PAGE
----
6 June 2011

The conditional endorsement by the SRA board last week of the report by a joint expert group on the proposed quality assurance scheme for criminal advocates has fuelled fresh concerns over the risk of judge bias against solicitors.

The report by the Joint Advocacy Group (JAG), chaired by Lord Justice Thomas, recommends that all advocates appearing in criminal courts should be compulsorily re-accredited every five years and that their competence level should be judicially assessed “in a workplace context”. In some circumstances it would be possible for advocates to be assessed through an independent centre instead.

Board member Nick Humphries, former head of advocacy at Linklaters, said the principle that advocates’ performance would be evaluated by judges posed “serious problems”.

His concerns were echoed by other solicitor advocates. “A lot of judges are barristers and they will tend to protect their own, even though they may not necessarily do so inten-tionally or because they are prejudiced,” said Sophie Khan, a solicitor at GT Stewart.

But solicitor advocates’ concerns go beyond the risk of bias to question the assumptions behind the scheme that they are inherently less competent than their counterparts at the Bar.

Yvonne Spencer, a partner at Veale Wasbrough Vizards and vice chair of SAHCA, said there is no tangible evidence to suggest that standards of solicitors' advocacy was of a lower standard than barristers. “I speak to judges regularly on this subject and the unanimous view is that where the problem exists, it is applicable to both sides of the profession,” she said.

Richard Atkinson, a partner at Robin Murray and Co, went further, saying there was no evidence there was a need to reaccredit experienced solicitors who have been practising consistently in the criminal courts. “No evidence has been produced as to why there is a need to introduce an accreditation scheme when no one has complained about quality in more than 200 years,” he said. The need for an affirmative scheme would only be justified, he suggested, if there was evidence that the current system, which allows judges to raise concerns over the quality of advocacy, was not working satisfactorily. Not even the Legal Services Commission, which had been a prime mover behind the proposal, had provided such evidence, he said. Atkinson even queried the proposed requirement for level 1 advocates – in the magistrates’ courts – who would be expected to reaccredit through specific advocacy CPD every five years too, saying this was an unrealistic burden on time-pressed solicitors.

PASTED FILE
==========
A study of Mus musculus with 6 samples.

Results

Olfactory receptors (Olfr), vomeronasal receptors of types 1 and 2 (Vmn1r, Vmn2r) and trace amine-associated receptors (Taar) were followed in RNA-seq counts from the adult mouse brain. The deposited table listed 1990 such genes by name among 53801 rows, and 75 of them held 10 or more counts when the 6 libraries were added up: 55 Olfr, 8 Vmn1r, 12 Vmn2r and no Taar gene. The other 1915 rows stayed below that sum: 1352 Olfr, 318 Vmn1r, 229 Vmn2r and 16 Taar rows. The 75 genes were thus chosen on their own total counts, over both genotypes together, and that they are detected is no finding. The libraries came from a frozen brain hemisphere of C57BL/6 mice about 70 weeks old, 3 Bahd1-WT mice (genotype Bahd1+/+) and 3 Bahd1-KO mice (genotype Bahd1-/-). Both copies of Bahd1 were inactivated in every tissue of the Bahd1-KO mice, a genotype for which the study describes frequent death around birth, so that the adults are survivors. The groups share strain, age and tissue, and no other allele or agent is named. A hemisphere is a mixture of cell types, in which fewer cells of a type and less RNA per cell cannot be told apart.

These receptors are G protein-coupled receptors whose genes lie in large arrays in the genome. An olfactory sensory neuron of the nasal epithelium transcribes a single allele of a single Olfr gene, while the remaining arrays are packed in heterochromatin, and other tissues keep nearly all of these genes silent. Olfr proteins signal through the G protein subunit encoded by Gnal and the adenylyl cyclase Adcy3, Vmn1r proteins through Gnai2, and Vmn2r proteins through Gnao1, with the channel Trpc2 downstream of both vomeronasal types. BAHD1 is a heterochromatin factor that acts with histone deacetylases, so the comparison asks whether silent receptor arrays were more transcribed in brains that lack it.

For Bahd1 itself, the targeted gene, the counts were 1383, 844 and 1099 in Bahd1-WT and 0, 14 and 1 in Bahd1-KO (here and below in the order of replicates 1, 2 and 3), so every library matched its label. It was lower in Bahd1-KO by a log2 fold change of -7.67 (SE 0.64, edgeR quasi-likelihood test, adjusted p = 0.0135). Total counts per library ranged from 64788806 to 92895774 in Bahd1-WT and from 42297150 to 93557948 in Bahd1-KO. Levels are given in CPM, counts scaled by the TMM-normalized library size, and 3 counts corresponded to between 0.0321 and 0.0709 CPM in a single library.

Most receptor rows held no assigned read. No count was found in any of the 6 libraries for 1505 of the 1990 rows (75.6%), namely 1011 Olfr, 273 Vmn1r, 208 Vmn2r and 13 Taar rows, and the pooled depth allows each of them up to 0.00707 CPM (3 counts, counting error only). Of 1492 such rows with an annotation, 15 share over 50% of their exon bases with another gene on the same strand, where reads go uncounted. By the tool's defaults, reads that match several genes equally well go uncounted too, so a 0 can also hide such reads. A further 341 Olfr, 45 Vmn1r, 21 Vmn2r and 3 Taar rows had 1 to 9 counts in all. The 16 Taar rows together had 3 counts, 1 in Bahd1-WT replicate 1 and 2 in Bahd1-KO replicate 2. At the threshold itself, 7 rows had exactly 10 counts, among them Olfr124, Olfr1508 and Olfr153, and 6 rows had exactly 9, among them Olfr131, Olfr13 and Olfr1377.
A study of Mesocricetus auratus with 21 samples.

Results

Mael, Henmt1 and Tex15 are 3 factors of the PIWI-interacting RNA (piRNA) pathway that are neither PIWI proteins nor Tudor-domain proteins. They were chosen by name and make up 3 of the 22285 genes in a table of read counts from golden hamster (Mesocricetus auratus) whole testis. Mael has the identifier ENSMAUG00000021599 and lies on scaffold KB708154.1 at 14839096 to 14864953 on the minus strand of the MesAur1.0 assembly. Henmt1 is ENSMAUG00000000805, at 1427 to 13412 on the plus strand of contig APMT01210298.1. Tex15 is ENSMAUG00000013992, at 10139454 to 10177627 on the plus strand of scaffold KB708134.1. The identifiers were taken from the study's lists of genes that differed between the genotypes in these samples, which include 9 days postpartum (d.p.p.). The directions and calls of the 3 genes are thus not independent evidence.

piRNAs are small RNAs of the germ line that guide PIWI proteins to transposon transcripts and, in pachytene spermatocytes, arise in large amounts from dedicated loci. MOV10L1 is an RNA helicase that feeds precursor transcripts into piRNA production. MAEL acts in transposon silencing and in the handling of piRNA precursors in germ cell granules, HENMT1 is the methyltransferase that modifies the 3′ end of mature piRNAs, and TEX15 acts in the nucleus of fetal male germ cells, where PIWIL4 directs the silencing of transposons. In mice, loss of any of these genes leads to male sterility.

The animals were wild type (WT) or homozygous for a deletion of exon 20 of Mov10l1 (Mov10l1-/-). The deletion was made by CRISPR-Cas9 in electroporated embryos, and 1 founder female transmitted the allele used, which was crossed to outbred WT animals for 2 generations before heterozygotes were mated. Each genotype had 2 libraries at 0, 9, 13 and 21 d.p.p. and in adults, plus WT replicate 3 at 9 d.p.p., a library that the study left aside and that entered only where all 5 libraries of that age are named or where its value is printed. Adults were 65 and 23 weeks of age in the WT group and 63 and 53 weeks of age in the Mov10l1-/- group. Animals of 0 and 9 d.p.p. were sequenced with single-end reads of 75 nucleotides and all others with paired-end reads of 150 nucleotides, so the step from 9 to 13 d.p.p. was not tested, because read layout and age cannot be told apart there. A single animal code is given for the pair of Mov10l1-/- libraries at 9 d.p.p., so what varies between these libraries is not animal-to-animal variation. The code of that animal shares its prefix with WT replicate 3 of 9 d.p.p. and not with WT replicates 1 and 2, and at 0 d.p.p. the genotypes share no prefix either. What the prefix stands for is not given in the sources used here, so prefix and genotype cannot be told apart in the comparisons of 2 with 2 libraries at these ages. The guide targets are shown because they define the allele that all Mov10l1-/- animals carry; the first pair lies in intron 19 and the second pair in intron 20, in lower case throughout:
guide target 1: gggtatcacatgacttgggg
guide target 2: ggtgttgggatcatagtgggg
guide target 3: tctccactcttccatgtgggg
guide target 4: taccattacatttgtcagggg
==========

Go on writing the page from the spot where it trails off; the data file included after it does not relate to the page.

But with neither the regulators nor the government likely to go back on the scheme, the question for solicitor advocates is defining a mechanism that would be fair to all advocates. “We should dispense with judicial evaluation and replace it with a different method of training and reaccreditation by an independent body; and ensure that solicitor advocates are obliged to use a proportion of their annual CPD for advocacy training,” said Spencer.

Khan suggested likewise that judges should not be involved in advocate assessment. “It needs to be an external assessor,” she said, “whether some CPD providers or other type of professional training including role play, where some of the people teaching are judges – as is already the case – which would ensure that advocates are trained to the required standard.”

Khan also feared that judicial assessment could be unfair on defendants, with judges having to fulfil two objectives at the same time: hearing a case and assess an advocate. “Judges are meant to decide cases on the evidence before them, not assess the competency of advocates,” she said.

Di Lawson, director of training and education at the SRA, defended the proposal saying it would bring about a culture change where there would be no risk of discrimination. Solicitors, however, believe a deeper shift needs to take place first, which would see more solicitors being appointed to judicial posts, in particular in the higher courts. Sophie Khan said this could help change mindsets but that the reality of the job of a busy criminal solicitor was that few had time to get on the bench.

Yvonne Spencer also agreed but she had doubts as to how this could be achieved in practice. “Several recent rounds for judicial appointment have requested the applicant demonstrates previous judicial experience,” she said. “This method of recruitment simply recycles the existing cohort of barrister judges into new positions. Unless these barriers are reduced I cannot see an influx of solicitors to the ranks of the judiciary.”